The London Mayor yesterday kicked off his first official tour to three Indian cities beginning from the commercial capital of the country. He will also visit Delhi and Amritsar with a view to strengthen London’s trade ties. As part of his six-day visit to South Asia, he will also visit Karachi, Lahore, and Islamabad to seek bilateral ties related to his LondonIsOpen for business campaign.
“We are looking to foster new and meaningful ties, not only in business but also in areas like education and culture,” Khan said.
Referring to thriving Indian diaspora in the British capital, he said, “London’s Indian diaspora has been a huge contributor, be it in the areas of technology, finance, art or culture”.
As part of the business delegation, 20 high performing business to business start-ups are visiting the country.
Similarly, there will be 20 Indian start-ups chosen annually, as part of the India Emerging Twenty (IE20) program launched by the business and promotional agency of the Mayor’s office, London & Partners (L&P).
The IE20 provides a global platform to the top 20 upcoming global Indian organizations and offers them worldwide visibility.
But the big hammer announcement yesterday by Sadiq Khan was the biggest-ever TV co-production between London and India – a remake of The Far Pavilions, based on the novel by British author MM Kaye. The co-production worth £113 million ($150 million) will be produced by Beautiful Bay Productions (Indian-based producer Michael Ward and UK-based producer Colin Burrows) and will feature the best of Indian on-screen talent.
The unique collaboration will be produced by a creative crew including both Indian and British technicians. Post-production for the high-end drama will be based in London, the center for VFX (visual effects) and post-production facilities.
The Far Pavilions was written by Kaye in 1978. It tells the story of an Englishman brought up as a Hindu during the British Raj, and his passionate love for an Indian princess. It was turned into a three-episode mini-series in 1984, starring Ben Cross, Amy Irving, Omar Sharif and Christopher Lee. The 2018 remake will be much longer – running to 30 episodes of one hour each.
The Mayor made this announcement in Mumbai during the UK-India Year of Culture. He met prominent British people working in Bollywood, highlighting the longstanding cultural ties between the two film capitals of London and Mumbai.
He also met Bollywood stars at an industry dinner hosted by Mukesh Ambani. At the bash, Khan referred to Katrina Kaif as a “British Bollywood superstar”, Amitabh Bachchan as “Godfather” and hailed Shah Rukh Khan as “the legendary actor” in the caption of a selfie– and made sure to invite every filmmaker in the room to shoot in London.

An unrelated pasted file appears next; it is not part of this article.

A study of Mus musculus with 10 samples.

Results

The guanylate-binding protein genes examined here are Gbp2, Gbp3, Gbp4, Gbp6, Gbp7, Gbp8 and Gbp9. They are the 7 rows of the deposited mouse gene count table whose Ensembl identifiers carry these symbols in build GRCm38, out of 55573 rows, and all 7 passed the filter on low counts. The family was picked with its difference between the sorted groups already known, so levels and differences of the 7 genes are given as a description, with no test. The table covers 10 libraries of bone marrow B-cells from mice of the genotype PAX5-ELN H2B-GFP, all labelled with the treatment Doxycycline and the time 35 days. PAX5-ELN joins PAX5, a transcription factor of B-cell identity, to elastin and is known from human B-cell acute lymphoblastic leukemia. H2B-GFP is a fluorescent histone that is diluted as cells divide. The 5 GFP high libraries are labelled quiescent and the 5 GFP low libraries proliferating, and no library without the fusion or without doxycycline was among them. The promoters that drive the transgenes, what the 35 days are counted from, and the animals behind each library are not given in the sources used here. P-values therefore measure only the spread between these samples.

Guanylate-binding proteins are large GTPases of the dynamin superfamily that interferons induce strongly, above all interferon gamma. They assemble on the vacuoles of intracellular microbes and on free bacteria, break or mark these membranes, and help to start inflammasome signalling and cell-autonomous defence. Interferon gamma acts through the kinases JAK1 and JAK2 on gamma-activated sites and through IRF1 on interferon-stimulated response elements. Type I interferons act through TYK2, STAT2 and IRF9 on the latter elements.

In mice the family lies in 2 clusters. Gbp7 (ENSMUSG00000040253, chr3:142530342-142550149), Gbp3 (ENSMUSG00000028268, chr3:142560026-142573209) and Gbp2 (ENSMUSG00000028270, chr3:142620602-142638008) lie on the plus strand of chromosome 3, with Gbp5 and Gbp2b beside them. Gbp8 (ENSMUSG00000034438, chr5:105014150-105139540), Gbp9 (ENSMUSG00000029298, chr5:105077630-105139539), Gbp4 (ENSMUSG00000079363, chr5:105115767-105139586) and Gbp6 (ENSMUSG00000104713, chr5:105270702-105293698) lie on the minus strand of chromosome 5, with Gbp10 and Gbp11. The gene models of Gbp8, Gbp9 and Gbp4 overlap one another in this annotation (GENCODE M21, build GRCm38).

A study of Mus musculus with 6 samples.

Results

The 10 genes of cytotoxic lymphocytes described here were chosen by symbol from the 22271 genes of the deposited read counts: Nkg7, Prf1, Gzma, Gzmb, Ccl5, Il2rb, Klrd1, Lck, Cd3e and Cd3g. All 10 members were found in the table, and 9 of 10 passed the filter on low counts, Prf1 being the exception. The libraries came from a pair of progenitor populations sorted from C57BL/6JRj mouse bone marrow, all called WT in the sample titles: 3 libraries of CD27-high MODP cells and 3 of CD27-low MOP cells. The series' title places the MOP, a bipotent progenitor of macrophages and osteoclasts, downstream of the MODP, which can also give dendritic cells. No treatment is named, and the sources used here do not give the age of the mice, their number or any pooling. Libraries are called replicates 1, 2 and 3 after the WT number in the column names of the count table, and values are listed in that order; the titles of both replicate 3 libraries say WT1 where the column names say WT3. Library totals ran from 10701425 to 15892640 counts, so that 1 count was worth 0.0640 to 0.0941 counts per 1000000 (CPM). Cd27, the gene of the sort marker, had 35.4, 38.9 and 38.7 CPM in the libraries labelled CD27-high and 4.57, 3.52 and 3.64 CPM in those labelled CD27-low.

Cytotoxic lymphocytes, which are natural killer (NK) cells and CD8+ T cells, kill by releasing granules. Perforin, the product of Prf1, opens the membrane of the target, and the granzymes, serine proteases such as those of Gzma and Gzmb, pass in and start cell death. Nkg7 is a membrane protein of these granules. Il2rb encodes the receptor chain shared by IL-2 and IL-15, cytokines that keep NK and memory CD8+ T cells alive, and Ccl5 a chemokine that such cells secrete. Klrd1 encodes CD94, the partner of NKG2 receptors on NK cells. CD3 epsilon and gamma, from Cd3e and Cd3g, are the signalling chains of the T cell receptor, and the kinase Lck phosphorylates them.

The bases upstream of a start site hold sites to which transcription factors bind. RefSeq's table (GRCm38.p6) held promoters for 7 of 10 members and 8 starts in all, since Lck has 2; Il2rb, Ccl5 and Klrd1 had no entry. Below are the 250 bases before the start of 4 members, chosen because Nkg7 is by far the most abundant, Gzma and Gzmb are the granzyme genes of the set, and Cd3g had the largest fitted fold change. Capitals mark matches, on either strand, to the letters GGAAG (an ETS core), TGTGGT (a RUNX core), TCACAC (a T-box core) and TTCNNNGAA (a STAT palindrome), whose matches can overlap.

More than 1000 films are produced in India every year, making it one of the biggest producers of films in the world. London is the third biggest film-making city in the world after LA and New York with an average of 40 crews filming in London’s streets every day. Around 20 Indian films have been shot in London in the last 12 months.
Khan added, “UK and India’s film and TV industries have a long, proud tradition of working together. I’m delighted to announce this landmark collaboration on The Far Pavilions. It represents the best of British and Indian talent and sends a clear message to the rest of the world that London is open to partnerships, to collaboration, to creativity and for business.”
The Mayor also caught up with Sachin Tendulkar and his wife, Anjali at the Bollywood bash, discussing the future of London as a sporting capital of the world and how the cricketing legend can contribute to said plans.
During his trip, the mayor also bated for change in UK govt’s visa policy.
Khan said they are preparing a proposal for revising policies like “for post-study work visas”.
“We are putting together a proposal to the government, to revise the policies like for post-study work visas,” Khan said at an event in Mumbai.
Reiterating his criticism of the stringent visa norms, Khan said he was “lobbying” with the British government to revise the visa policy to help attract more trade and investment to the UK capital.
Terming the visa policy of Theresa May government as a “huge mistake”, Khan said, “On the one hand the British government is asking Indian businesses to trade there and on the other hand they have made it more tough with strict visa norms”.
Recently, the Theresa May government changed its visa policy for non-EU (European Union) nationals to curb its soaring immigration figures. The policy which came into effect in November will affect a large number of Indians, especially IT professionals.
David Slater, Director of International Trade and Investment at London and Partners, today said the UK is among the top trade destinations for India, attracting up to 10 per cent of its investments.
He said the Mayor’s international business program was attracting investments from across the globe.